Consensus or Majority
posted on June 01
by Rev. Fred Jordan
This article was first published in the June 2023 issue of the First UMC (Salisbury) newsletter, Ecclesia. It is offered here, as will follow up articles, for the edification of others across the Uwharrie District. Rev. Jordan is a retired Elder, former District Superintendent, and adjunct faculty member at Hood Theological Seminary.
Recently, my wife and I visited the tiny island of Malta. It sits between Sicily and Tunisia at the narrowest point of the Mediterranean Sea. For the ancient world, it occupied a strategic location for any nation wishing to control international trade.
Malta also played an important role in first century Christianity. Saint Paul was on his way to Rome under military escort when disaster struck. His ship fell behind schedule. Winter was fast approaching. Paul urged everyone to remain in a safe harbor until spring. Polling the crew, a majority favored pressing on in spite of the danger. Paul lost that vote. The ship encountered a violent storm and sank along with its massive cargo. Clinging to floating debris, everyone on board miraculously survived. They ended up on Malta’s sandy beach. This story is found in the New Testament book of ACTS chapters 27 and 28.
It is the only time the Bible records a democratically made decision. Most Biblical issues were settled after an honest effort to discern God’s will. Individual voting does not always produce positive results. The majority is not always right.
Sometimes voting is necessary. Robert’s Rules of Order serves well in large meetings such as an annual conference session. But The Book of Discipline ¶252.3b recommends that local churches use a consensus/discernment model of decision-making. Consensus building means prayerfully working together to find a solution everyone can support.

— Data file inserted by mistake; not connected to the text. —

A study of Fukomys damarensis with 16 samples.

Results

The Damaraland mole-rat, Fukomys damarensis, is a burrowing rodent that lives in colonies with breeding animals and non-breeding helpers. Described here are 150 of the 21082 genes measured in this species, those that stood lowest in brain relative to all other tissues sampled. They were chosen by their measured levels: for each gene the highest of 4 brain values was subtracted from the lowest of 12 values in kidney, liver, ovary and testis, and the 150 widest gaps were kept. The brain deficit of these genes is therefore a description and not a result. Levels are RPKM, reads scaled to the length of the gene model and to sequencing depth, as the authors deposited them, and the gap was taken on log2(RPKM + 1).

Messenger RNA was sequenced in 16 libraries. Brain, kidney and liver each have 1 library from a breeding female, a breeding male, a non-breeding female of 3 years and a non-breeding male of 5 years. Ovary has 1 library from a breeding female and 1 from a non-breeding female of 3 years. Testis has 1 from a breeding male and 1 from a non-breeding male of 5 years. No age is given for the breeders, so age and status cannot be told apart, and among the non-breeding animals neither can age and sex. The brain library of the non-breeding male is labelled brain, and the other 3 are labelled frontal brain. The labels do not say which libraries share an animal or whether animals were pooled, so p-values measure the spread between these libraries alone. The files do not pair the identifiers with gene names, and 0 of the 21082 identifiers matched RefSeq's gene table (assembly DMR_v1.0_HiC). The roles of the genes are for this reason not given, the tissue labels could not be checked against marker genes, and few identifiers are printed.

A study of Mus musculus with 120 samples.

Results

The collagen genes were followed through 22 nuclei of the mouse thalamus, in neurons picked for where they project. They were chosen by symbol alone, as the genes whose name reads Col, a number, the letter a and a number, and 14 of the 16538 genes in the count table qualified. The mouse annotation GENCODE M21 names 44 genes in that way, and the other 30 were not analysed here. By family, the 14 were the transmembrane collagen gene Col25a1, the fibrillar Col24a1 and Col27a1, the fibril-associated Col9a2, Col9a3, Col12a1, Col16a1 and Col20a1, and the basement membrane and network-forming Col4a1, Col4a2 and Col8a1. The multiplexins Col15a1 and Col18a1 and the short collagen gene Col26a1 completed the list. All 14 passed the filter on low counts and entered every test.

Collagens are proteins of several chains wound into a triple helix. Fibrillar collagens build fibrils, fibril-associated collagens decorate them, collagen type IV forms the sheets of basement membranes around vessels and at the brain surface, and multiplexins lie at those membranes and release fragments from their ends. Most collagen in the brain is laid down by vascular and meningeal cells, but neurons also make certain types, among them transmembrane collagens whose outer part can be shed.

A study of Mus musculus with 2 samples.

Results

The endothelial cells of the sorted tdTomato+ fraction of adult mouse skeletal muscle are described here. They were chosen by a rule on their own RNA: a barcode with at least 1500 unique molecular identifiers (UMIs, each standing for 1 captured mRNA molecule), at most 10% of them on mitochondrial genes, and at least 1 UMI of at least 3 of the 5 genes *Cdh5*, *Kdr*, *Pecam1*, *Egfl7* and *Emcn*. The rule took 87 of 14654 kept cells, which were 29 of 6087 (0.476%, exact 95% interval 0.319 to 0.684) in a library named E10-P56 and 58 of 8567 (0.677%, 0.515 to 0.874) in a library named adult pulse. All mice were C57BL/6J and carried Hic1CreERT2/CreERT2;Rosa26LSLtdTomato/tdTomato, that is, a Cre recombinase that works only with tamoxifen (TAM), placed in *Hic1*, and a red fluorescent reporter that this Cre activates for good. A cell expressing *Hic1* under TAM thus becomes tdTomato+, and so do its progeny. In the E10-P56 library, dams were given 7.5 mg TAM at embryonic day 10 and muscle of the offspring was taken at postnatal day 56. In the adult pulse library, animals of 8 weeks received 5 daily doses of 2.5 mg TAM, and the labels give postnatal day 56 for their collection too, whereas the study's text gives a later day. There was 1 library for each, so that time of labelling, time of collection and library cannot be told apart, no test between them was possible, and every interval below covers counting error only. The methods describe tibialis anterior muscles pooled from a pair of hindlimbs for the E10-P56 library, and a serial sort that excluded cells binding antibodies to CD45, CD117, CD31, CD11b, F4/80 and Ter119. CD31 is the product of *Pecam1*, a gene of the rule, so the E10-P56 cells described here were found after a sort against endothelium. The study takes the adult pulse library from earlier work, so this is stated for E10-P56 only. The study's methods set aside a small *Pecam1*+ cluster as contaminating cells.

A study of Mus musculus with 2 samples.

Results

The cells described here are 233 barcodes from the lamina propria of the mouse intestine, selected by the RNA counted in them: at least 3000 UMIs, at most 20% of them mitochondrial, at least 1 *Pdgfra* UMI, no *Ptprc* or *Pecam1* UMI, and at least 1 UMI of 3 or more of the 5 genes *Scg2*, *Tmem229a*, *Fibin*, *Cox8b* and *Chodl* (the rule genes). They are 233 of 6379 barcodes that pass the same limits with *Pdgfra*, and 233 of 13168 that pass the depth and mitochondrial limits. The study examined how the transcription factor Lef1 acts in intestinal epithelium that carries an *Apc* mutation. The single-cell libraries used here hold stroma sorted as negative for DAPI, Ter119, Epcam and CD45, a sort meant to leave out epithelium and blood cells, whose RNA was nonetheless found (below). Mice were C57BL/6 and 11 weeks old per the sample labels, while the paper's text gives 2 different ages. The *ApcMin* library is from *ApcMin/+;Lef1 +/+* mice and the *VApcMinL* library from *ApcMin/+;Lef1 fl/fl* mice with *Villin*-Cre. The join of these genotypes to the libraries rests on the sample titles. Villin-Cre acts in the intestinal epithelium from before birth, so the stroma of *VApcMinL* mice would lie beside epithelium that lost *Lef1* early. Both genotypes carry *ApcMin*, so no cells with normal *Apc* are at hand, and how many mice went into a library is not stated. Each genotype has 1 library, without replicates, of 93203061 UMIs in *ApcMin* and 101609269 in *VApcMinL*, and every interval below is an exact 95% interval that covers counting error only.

Sadly, the 2019 session of the United Methodist General Conference abandoned consensus building when it approved a petition known as ¶2553. This Book of Discipline paragraph allows unhappy congregations after a two third majority vote to disaffiliated from The United Methodist Church. Every church member listed on the church roll can cast a ballot. If the two thirds super majority is met along with all other requirements of ¶2553, the church can leave our denomination with its property.
Some congregations have already voted to disaffiliate. Others voted and chose to remain United Methodists. Either way, churches that voted often experienced pain and broken community. The act of voting can tear churches apart. It creates winners and losers. Even with a two thirds majority, a vote leaves part of the congregation feeling wounded. In too many churches, old friends in Christ have become political enemies.
Consensus building provides a better alternative. The consensus process begins with prayer. The first and only relevant question is what does God want for our church? Next, objections and concerns are introduced openly and honestly. Each issue is freely and lovingly examined. Listening is key. Members search for common ground. New and better possibilities usually emerge.
Consensus building is a slow process. A successful conclusion comes when everyone involved contributes to and agrees with the final solution.
As a United Methodist pastor, I had very few congregational votes in churches I served. Each one concerned a major building project. The church council worked hard to craft a proposal everyone could enthusiastically support. Only when we had close to 100% congregational support did we proceed with confidence.
Consensus building might have saved those ancient mariners from a terrible disaster. It might also save modern Methodists from making similar mistakes today.